Local conservation authorities say the impact of climate change is making it increasingly hard to balance their books, which are funded in part by tax dollars.
Global warming is causing more extreme weather such as downpours, high winds and other events that result in floods and broken trees, said Chris Firth-Eagland, head of the Hamilton Conservation Authority (HCA).
And it’s only going to get worse, he said.
“It’s causing more flooding. Odd storms with more impact. Spikes,” he said. “Those kinds of storms happen, but they seem to be happening more frequently.”
“Climate change is a reality and it is having an impact on our budgets.”
City of Hamilton tax dollars partially fund four conservation authorities — Hamilton, Grand River, Niagara and Halton. Most of the authorities made some mention of climate change when presenting their budgets to councillors on Thursday.
'Climate change is a reality and it is having an impact on our budgets.' - Chris Firth-Eagland
Joe Farwell, head of the Grand River Conservation Authority (GRCA), told councillors that climate change could have a major impact on future budgets, caused by extreme events such as floods and droughts.
It’s hard to determine exactly how much climate change is costing conservation authorities, said Neil McDougall, HCA secretary-treasurer. But it is “absolutely” having an impact.
“In the old days, you used to know when winter was going to come,” he said. “Then you’d have a January thaw and spring would come. It was something you could count on. Now we’re having huge temperature swings and these wind storms like we’ve never seen before.”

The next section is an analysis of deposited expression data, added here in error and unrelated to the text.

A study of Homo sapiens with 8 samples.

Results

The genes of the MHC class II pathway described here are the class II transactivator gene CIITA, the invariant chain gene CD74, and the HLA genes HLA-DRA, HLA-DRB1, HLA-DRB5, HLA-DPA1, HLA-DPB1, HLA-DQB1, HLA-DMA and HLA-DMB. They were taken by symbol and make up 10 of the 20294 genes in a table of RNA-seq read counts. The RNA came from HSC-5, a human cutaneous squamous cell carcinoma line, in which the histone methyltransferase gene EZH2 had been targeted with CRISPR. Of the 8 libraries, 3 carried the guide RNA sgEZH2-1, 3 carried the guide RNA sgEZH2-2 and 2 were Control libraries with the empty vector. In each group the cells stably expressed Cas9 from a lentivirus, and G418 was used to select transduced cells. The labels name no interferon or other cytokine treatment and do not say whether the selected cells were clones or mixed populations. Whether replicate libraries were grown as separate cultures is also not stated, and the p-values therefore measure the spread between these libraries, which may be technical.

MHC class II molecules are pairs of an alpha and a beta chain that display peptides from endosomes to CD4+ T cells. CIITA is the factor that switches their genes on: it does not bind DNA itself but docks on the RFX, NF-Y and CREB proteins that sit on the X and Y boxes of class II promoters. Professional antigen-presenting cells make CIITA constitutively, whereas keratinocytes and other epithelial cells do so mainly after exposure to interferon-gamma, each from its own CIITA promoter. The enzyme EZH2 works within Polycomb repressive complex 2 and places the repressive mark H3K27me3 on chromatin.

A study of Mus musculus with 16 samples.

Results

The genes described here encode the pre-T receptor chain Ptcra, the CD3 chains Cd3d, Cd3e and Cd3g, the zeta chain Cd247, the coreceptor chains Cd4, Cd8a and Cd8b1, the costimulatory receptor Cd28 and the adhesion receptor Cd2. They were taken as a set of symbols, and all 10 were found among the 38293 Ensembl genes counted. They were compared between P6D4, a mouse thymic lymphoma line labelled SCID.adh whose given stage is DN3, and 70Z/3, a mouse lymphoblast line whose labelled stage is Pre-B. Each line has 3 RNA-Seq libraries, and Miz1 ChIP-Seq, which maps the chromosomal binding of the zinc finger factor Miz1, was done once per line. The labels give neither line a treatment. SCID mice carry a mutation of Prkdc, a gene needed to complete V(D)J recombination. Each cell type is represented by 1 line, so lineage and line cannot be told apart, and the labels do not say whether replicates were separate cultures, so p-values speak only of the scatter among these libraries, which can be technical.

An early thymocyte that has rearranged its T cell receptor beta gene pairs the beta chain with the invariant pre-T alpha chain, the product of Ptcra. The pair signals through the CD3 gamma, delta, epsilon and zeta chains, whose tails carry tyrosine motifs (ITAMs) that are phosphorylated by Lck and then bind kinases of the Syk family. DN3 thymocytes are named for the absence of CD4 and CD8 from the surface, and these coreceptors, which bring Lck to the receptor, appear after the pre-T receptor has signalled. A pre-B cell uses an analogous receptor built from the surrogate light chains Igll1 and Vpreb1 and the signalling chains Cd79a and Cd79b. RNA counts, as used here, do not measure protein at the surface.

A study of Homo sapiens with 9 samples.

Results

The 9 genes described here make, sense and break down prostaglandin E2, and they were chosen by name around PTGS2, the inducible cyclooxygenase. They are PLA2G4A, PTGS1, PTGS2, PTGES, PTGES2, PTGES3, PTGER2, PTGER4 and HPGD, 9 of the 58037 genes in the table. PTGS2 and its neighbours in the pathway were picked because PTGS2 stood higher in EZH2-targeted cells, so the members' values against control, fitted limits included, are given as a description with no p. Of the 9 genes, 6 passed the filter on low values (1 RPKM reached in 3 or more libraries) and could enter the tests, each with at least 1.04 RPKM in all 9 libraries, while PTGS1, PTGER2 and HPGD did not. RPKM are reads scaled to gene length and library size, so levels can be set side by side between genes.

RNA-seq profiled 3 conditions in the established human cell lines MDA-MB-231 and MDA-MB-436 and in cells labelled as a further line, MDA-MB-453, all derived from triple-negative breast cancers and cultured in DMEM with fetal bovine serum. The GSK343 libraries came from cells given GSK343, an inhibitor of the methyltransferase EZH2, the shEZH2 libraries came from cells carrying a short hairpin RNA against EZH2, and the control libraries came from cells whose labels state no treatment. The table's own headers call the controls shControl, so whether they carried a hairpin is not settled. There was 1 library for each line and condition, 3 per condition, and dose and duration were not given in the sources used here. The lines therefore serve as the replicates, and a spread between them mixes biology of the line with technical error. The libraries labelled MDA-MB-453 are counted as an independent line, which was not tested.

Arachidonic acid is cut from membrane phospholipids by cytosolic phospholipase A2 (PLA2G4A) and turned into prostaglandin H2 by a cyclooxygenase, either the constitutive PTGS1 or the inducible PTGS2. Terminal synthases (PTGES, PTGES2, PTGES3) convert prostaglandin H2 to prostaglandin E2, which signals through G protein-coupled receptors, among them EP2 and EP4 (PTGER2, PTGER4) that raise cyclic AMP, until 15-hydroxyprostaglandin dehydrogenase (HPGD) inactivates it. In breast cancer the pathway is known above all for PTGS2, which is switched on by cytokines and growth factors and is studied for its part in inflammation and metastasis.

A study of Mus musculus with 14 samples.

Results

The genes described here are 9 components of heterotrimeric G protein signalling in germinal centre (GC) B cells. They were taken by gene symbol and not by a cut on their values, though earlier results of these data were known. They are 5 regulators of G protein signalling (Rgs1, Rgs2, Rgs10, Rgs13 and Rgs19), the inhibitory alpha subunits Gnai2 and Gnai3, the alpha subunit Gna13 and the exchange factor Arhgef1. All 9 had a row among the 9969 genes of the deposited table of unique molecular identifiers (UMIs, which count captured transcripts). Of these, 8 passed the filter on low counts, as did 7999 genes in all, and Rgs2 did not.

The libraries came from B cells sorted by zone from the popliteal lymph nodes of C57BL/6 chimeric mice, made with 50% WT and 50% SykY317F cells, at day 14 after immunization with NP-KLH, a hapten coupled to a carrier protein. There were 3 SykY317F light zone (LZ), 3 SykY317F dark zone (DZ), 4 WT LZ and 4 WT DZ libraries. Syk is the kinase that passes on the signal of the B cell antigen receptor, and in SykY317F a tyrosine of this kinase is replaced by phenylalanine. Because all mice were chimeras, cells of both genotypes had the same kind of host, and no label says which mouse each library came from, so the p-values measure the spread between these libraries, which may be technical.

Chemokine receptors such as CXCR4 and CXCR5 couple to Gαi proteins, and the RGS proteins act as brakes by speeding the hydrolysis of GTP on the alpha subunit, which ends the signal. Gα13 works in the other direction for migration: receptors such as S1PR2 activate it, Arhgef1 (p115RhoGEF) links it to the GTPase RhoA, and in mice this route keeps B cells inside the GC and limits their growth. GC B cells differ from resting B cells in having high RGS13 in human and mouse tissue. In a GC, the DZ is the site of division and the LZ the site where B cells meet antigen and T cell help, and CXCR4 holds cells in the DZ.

Climate change will put more pressure on the budget in coming years, he said. Conservation Ontario is already lobbying the province for help.
It’s hard to argue that global warming is the culprit, Firth-Eagland said.
“The science base that I would say is universal across the board is available to us all."
The HCA is busy cleaning up after a pre-Christmas ice storm that caused massive tree damage and power outages. It is costing the authority about $120,000, McDougall said.
The GRCA is spending about $250,000 to clean up after the storm.
All of the authorities are spending money to deal with the emerald ash borer, an invasive pest that kills ash trees. For Grand River — which covers the western part of Hamilton, particularly Flamborough — it will cost nearly $1 million in 2014.
The HCA is will inject select male and female ash trees this year with TreeAzin, which increases a tree’s likelihood of survival. By injecting those robust trees, Firth-Eagland said, the authority hopes the trees produce offspring after the ash borer dies off or a natural predator materializes.
HCA offered a zero-per cent increase to the city’s levy this year. For the GRCA, it was a 1.55 per cent increase over last year.